Over a month after the D.C. Circuit Court of Appeals upheld most of NCUA’s field of membership (FOM) rule, the American Bankers Association (ABA) petitioned the full U.S. Court of Appeals for the District of Columbia to appeal the court’s August decision. And while disconcerting, this legal move is just one in a long line of actions since 2016:
- October 2016: NCUA finalized its FOM rule.
- December 2016: ABA sued the agency on the FOM rule.
- March 2018: U.S. District Court of the District of Columbia ruled to uphold two challenged portions of the rule and struck down two provisions. CUNA argued that the Court was wrong in its finding that the agency overstepped its statutory authority regarding the combined statistical area approach and the definition of rural district.
- August 2019: The D.C. Circuit Court of Appeals overturned the previous opinion by U.S. District Court for the District of Columbia, thereby allowing credit unions to serve Combined Statistical Areas of up to 2.5 million people and rural districts with up to one million people. The circuit court left intact the lower court’s holding that allowed credit unions to serve adjacent areas, but asked the NCUA to provide additional explanation for the removal of a requirement to serve the “core” of a Core-Based Statistical Area, which NCUA should be able to remedy by providing additional information to the District Court.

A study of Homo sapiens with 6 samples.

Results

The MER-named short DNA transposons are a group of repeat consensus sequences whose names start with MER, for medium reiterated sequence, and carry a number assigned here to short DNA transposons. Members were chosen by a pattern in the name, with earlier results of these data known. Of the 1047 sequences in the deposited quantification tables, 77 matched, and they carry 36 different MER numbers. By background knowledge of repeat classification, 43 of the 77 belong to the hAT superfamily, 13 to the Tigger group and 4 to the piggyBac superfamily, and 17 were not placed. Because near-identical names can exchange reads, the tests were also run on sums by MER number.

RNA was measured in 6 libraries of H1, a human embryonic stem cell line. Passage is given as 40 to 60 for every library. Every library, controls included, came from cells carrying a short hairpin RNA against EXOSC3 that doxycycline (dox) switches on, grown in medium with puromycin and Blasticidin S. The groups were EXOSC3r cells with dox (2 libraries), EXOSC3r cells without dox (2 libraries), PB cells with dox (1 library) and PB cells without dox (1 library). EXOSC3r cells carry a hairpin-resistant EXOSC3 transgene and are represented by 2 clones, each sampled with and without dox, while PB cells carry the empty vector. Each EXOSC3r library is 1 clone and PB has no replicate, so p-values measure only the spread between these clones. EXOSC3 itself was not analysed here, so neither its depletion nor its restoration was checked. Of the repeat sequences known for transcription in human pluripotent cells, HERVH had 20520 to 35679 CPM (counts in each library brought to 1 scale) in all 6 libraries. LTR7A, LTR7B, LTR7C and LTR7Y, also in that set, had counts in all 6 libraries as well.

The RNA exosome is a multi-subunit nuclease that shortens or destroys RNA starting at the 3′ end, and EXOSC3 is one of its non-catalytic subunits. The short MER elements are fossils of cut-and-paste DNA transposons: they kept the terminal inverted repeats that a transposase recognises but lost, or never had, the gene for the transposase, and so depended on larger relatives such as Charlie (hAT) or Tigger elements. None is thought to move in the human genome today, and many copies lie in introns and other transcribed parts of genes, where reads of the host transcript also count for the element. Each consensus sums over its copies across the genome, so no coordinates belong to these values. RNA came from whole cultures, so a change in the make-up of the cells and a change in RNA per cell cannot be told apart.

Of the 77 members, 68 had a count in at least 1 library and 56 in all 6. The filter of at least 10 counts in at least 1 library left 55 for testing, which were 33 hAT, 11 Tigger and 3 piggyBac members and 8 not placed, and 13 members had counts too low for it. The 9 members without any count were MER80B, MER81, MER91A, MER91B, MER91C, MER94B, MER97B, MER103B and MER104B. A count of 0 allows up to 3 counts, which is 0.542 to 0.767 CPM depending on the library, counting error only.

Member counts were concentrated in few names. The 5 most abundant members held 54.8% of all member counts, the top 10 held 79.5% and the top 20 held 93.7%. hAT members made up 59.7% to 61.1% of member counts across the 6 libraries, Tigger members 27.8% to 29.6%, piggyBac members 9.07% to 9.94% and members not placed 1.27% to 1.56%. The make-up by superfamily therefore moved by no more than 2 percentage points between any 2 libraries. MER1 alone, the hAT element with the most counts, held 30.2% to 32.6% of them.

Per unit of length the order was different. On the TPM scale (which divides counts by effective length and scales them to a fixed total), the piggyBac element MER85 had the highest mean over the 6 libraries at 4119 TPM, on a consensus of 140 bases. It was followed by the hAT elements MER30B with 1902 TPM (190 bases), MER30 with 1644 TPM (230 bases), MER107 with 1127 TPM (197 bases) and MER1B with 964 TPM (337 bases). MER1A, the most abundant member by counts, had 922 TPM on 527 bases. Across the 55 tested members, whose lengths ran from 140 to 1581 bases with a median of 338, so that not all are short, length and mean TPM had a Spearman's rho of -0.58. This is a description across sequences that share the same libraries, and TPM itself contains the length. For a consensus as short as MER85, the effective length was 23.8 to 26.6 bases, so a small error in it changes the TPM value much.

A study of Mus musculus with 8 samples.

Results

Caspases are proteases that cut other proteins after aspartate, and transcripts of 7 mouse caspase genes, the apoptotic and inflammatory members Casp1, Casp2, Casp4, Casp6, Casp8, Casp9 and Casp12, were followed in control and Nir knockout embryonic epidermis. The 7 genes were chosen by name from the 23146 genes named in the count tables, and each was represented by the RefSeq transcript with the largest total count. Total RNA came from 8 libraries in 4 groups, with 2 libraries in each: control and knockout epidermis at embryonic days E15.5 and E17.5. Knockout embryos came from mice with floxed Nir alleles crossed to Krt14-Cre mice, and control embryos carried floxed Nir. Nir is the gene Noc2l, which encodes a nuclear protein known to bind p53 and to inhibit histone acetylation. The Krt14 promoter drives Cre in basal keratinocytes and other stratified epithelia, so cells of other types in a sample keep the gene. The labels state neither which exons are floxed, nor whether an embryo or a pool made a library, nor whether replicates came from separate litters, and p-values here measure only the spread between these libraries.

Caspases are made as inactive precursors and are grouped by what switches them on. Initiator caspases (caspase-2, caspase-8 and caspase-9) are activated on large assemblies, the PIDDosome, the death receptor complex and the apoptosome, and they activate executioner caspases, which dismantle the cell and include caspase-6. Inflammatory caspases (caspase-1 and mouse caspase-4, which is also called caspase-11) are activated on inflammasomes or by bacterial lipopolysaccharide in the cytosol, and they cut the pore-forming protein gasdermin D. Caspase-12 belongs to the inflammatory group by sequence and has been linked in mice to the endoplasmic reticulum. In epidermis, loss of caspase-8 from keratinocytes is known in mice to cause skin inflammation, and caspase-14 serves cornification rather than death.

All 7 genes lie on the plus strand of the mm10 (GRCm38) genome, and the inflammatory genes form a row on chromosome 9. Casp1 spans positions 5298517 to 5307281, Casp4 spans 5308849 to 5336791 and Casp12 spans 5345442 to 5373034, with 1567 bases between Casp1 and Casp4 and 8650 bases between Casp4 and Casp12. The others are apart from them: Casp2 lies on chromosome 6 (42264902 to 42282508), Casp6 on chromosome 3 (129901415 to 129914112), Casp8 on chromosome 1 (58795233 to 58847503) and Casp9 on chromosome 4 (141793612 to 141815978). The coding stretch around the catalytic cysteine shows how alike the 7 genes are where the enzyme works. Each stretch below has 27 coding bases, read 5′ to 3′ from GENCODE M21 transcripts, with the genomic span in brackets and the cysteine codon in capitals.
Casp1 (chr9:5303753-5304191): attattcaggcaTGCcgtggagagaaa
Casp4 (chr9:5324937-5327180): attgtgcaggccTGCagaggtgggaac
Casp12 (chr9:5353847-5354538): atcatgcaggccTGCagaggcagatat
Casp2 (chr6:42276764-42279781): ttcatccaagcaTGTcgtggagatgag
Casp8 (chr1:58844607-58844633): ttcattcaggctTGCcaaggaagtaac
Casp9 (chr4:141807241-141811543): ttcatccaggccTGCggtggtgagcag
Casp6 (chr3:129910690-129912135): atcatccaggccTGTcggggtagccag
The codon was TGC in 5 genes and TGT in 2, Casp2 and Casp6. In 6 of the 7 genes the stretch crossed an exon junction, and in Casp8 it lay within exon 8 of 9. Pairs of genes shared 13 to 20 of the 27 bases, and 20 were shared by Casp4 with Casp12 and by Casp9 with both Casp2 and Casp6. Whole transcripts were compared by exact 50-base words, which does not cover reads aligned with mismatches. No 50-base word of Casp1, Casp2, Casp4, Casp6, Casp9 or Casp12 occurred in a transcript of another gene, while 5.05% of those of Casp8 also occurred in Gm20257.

- October 2019: ABA petitions to appeal the court’s August 2019 decision.
In this process, CUNA was joined by CUNA Mutual Group and the National Association of Federally Insured Credit Unions in filing an amicus brief on NCUA’s behalf in the D.C. Circuit Court case and continues to work to protect credit unions. But what’s next on the horizon? NCUA has filed a motion to extend its deadline for a response until November 21. If granted, the court’s decision on whether to rehear the case before the 17-judge panel in an en banc hearing would likely come in early December. Failing to receive such a hearing, the ABA can appeal to the Supreme Court of the United States. Stay tuned!